Bluebird Society installs nest boxes at Hopelands Gardens

  • Posted: Friday, February 8, 2013 12:01 a.m.
    UPDATED: Friday, February 8, 2013 2:45 p.m.
STAFF PHOTO BY AMY BANTON
Early birds – Members of the South Carolina Bluebird Society installed a nesting box trail at Hopelands Gardens. Pictured, front row, from left, are Marty Foss, Linda Burgess and Terry McGrath; back row, from left, are Friends of Hopelands Gardens and Rye Patch Board President John Korhonen, Robert Raynor, Ron Brenneman, Jon Steinbach, Bill Foss, Roger Brock and S.C. Bluebird Society President Jim Burke.
STAFF PHOTO BY AMY BANTON Early birds – Members of the South Carolina Bluebird Society installed a nesting box trail at Hopelands Gardens. Pictured, front row, from left, are Marty Foss, Linda Burgess and Terry McGrath; back row, from left, are Friends of Hopelands Gardens and Rye Patch Board President John Korhonen, Robert Raynor, Ron Brenneman, Jon Steinbach, Bill Foss, Roger Brock and S.C. Bluebird Society President Jim Burke.

A few early birds arrived at Hopelands Gardens at 7:15 a.m. on Thursday to put up some new homes for their feathered friends.

Members of the S.C. Bluebird Society installed their first bluebird trail at a city facility on Thursday morning. The nonprofit has installed 42 trails throughout the county and approximately 450 nest boxes have lined those trails.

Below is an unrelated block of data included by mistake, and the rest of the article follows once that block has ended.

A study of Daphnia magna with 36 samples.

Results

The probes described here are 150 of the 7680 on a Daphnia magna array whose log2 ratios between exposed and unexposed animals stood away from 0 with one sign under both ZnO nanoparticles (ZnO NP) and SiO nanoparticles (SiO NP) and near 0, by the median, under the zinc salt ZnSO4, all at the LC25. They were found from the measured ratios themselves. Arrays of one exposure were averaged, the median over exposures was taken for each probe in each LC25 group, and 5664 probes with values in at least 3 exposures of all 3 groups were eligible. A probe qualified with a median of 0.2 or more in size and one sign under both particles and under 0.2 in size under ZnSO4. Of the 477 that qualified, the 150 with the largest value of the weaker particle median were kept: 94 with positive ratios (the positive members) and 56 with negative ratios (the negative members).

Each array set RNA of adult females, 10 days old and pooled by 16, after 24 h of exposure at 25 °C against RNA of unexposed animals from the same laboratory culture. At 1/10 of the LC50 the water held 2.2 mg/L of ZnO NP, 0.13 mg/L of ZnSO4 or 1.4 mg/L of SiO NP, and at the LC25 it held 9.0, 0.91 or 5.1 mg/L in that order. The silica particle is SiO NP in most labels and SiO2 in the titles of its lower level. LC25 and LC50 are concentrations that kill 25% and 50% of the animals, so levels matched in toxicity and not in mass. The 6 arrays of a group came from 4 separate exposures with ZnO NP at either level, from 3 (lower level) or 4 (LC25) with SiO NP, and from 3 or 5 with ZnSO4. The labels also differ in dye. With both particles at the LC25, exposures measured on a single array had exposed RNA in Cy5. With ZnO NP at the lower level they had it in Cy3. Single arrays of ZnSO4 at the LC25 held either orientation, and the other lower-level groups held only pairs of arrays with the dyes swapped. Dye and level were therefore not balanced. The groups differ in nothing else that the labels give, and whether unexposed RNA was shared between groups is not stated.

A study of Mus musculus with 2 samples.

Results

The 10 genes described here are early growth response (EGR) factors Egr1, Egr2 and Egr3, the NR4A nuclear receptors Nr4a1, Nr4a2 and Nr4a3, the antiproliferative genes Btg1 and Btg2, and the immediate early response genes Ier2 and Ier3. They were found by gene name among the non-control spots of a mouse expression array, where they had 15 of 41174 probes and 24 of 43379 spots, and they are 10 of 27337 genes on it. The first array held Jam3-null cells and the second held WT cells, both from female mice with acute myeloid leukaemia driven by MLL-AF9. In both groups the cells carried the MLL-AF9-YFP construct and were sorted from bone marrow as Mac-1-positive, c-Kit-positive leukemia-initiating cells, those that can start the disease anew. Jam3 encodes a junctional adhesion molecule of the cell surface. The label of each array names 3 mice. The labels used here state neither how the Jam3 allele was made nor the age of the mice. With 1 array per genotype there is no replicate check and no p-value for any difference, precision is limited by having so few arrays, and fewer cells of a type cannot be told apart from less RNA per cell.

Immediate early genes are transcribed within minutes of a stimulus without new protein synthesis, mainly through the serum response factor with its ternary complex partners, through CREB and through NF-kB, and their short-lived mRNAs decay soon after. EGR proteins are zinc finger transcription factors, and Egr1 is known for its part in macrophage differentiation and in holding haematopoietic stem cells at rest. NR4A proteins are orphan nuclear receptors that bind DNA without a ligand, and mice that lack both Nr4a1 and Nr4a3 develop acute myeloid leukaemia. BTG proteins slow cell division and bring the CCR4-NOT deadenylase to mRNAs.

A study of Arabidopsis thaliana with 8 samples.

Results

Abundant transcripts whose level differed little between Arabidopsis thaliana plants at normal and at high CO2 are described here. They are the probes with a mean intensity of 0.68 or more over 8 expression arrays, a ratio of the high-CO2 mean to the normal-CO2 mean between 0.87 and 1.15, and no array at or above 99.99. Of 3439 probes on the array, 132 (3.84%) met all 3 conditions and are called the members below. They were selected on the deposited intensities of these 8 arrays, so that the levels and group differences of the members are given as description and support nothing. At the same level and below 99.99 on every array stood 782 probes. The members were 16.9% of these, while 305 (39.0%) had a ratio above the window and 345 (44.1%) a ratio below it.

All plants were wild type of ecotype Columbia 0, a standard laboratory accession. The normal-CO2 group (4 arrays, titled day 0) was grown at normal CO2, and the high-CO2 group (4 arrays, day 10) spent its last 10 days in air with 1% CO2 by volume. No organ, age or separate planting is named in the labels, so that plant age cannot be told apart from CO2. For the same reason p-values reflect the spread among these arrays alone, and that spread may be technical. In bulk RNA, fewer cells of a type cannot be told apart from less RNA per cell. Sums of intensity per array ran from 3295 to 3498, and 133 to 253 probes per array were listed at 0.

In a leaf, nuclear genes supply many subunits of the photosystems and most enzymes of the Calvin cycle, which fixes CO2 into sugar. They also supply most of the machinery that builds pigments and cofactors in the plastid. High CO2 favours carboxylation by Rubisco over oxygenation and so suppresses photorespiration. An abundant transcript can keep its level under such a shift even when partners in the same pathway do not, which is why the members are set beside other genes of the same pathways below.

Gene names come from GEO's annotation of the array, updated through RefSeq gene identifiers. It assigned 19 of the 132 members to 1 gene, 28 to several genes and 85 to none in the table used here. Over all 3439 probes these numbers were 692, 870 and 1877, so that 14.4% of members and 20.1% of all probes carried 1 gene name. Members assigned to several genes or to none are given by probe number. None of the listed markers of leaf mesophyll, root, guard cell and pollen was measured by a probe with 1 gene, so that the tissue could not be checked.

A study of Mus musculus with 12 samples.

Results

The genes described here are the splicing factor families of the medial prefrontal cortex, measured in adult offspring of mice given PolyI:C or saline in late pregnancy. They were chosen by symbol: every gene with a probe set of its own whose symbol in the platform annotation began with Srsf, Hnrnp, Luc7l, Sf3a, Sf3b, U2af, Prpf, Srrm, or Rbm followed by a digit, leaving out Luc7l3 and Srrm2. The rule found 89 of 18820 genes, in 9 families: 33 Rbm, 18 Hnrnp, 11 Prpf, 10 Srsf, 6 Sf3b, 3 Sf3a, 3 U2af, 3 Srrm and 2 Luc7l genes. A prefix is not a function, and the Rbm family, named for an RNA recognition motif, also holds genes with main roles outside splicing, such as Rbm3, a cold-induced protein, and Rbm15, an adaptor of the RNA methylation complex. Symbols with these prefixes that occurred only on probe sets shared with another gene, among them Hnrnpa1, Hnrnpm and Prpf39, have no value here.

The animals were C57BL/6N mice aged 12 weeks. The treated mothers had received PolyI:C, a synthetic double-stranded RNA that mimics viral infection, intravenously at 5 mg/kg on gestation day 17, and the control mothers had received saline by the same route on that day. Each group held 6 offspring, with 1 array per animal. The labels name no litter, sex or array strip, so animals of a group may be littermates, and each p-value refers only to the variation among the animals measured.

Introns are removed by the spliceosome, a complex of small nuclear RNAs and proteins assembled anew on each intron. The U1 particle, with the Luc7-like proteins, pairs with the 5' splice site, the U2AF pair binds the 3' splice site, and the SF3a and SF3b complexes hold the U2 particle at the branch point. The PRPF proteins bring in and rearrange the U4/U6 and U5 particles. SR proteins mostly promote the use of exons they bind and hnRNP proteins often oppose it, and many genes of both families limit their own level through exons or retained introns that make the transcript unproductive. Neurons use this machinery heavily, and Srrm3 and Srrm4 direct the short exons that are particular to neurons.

Boxes that were installed about a decade ago were removed and replaced with new ones.

The Friends of Hopelands Gardens and the Rye Patch funded the eight nesting boxes which will be monitored by the state chapter of the North American Bluebird Society.

Friends' Executive Board President John Korhonen said that they were very happy to help the nonprofit with this project.

This trail will be monitored by society members Marty Foss and her husband Bill. Marty said she loves being part of the group because of its efforts in conservation of cavity nesting birds and interest in local wildlife.

“The society members are really some of the best people you can meet,” Marty said.

Society President Jim Burke was excited that they were expanding the bluebird trails to a City facility.

“It's an addition to what we're trying to do (bluebird conservation) not just in the city but in the county,” Burke said.

The South Carolina Bluebird Society was established in 2010 and works to promote and educate residents of the conservation of cavity nesting birds as well as collect data from the trails they install.

Members ask that residents not disturb the nesting boxes on the trails or place any items inside of them.

For more information, visit www.southcarolinabluebirds.org.